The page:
The Arenberg site had been the castle of the lords of Heverlee since the 12th century, but this family became impoverished and had to sell the site in 1445 to the Croÿ family from Picardy. Antoon van Croy demolished the medieval castle and started works to build the current château in 1455 on the site, of which he destroyed all but one tower. Willem van Croÿ completed the works on the château in 1515, and founded a monastery on the château grounds for the Benedictine Celestines. The architectural style is in large part traditionally Flemish, with sandstone window frames and brick walls, though it has been structurally altered since 1515 and has elements of Gothic, Renaissance and Neo Gothic architecture. Its large corner towers are typical, once surmounted by a German eagle.
Charles III of Croy was the 4th and last duke, and after his death in 1612 without issue the château passed to the Arenberg family into which his sister had married, and remained in that family until the First World War.
During the First World War, the château and grounds were occupied by the Germans and Austrians. The château and park were seized by the Belgian government on the outbreak of, and then after the war since the Arenberg family was considered to be German or Austrian due to their close Habsburg connection, monarchs of Austria-Hungary. It took until 1921 for the University to acquire them, becoming an expanded natural sciences and engineering campus in the style of that of an American university. After the partitioning of the university along language lines in 1968, the château and grounds remained with the Dutch speaking half as one of the main campuses for the new, independent Katholieke Universiteit Leuven. The château itself is the main building of the Faculty of Engineering and houses lecture rooms and studios for the Department of Architecture, Urbanism and Urban Planning, including the Post-Graduate Centre Human Settlements and the Raymond Lemaire International Centre for Conservation. The building is open to the public. The former Celestine monastery on the château grounds now houses the campus library, and the addresses of many of the science buildings are on the street named Celestijnenlaan (Dutch for 'Celestine Street').References:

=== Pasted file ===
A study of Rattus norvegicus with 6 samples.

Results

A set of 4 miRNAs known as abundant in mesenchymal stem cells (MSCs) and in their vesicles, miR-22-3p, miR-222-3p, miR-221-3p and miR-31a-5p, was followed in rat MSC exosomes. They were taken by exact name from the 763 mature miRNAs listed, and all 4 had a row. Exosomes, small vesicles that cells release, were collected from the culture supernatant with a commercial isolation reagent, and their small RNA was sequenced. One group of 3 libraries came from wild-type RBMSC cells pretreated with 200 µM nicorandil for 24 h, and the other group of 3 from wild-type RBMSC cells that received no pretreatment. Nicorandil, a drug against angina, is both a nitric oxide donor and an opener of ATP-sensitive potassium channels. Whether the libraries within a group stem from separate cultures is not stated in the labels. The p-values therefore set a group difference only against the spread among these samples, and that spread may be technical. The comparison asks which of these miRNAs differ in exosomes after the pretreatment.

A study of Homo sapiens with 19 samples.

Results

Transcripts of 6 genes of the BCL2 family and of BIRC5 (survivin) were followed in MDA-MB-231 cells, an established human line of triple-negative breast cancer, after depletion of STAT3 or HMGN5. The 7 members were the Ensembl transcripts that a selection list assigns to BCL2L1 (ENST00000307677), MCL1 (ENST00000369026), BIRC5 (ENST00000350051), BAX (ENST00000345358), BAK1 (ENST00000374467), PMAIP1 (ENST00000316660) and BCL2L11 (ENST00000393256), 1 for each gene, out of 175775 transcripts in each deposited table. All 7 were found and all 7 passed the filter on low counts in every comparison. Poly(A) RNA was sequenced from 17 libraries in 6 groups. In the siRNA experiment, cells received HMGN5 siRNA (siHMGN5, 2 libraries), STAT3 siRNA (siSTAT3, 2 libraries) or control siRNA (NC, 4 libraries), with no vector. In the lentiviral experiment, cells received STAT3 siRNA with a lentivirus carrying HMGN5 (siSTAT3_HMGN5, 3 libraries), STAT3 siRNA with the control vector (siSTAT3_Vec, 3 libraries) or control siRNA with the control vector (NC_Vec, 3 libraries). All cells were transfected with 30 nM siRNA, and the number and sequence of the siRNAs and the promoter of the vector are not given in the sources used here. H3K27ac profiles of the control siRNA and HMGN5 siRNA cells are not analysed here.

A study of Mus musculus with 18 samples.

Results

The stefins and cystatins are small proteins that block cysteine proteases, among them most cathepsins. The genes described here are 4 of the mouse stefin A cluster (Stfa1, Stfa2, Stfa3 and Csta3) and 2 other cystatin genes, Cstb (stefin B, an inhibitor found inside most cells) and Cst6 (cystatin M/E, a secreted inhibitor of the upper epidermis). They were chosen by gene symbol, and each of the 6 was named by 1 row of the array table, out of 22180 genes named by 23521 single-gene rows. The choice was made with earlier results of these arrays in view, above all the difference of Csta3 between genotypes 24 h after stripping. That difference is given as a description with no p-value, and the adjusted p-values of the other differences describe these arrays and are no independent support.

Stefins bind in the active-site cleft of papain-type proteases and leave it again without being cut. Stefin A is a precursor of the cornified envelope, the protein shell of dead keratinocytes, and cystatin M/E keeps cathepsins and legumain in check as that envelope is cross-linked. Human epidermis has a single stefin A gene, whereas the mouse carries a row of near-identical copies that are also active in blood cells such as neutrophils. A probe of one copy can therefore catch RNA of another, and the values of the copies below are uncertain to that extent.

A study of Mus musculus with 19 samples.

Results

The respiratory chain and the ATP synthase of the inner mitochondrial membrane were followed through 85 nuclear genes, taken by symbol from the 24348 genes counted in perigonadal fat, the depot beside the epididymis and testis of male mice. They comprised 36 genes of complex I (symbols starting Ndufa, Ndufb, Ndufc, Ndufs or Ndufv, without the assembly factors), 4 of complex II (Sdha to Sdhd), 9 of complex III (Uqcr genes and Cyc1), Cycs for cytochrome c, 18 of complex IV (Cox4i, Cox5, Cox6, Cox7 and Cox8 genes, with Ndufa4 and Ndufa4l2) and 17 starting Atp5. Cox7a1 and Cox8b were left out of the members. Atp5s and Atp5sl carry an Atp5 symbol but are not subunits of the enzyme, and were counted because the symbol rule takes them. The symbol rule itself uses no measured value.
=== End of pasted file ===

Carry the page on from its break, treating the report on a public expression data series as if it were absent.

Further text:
Dating from the 15th century, Kisimul is the only significant surviving medieval castle in the Outer Hebrides. It was the residence of the chief of the Macneils of Barra, who claimed descent from the legendary Niall of the Nine Hostages. Tradition tells of the Macneils settling in Barra in the 11th century, but it was only in 1427 that Gilleonan Macneil comes on record as the first lord. He probably built the castle that dominates the rocky islet, and in its shadow a crew house for his personal galley and crew. The sea coursed through Macneil veins, and a descendant, Ruari ‘the Turbulent’, was arrested for piracy of an English ship during King James VI’s reign in the later 16th century.
Heavy debts eventually forced the Macneil chiefs to sell Barra in 1838. However, a descendant, Robert Lister Macneil, the 45th Chief, repurchased the estate in 1937, and set about restoring his ancestral seat. It passed into Historic Scotland’s care in 2000.
The castle dates essentially from the 15th century. It takes the form of a three-storey tower house. This formed the residence of the clan chief. An associated curtain wall fringed the small rock on which the castle stood, and enclosed a small courtyard in which there are ancillary buildings. These comprised a feasting hall, a chapel, a tanist’s house and a watchman’s house. Most were restored in the 20th century, the tanist’s house serving as the family home of the Macneils. A well near the postern gate is fed with fresh water from an underground seam. Outside the curtain wall, beside the original landing-place, are the foundations of the crew house, where the sailors manning their chief’s galley had their quarters.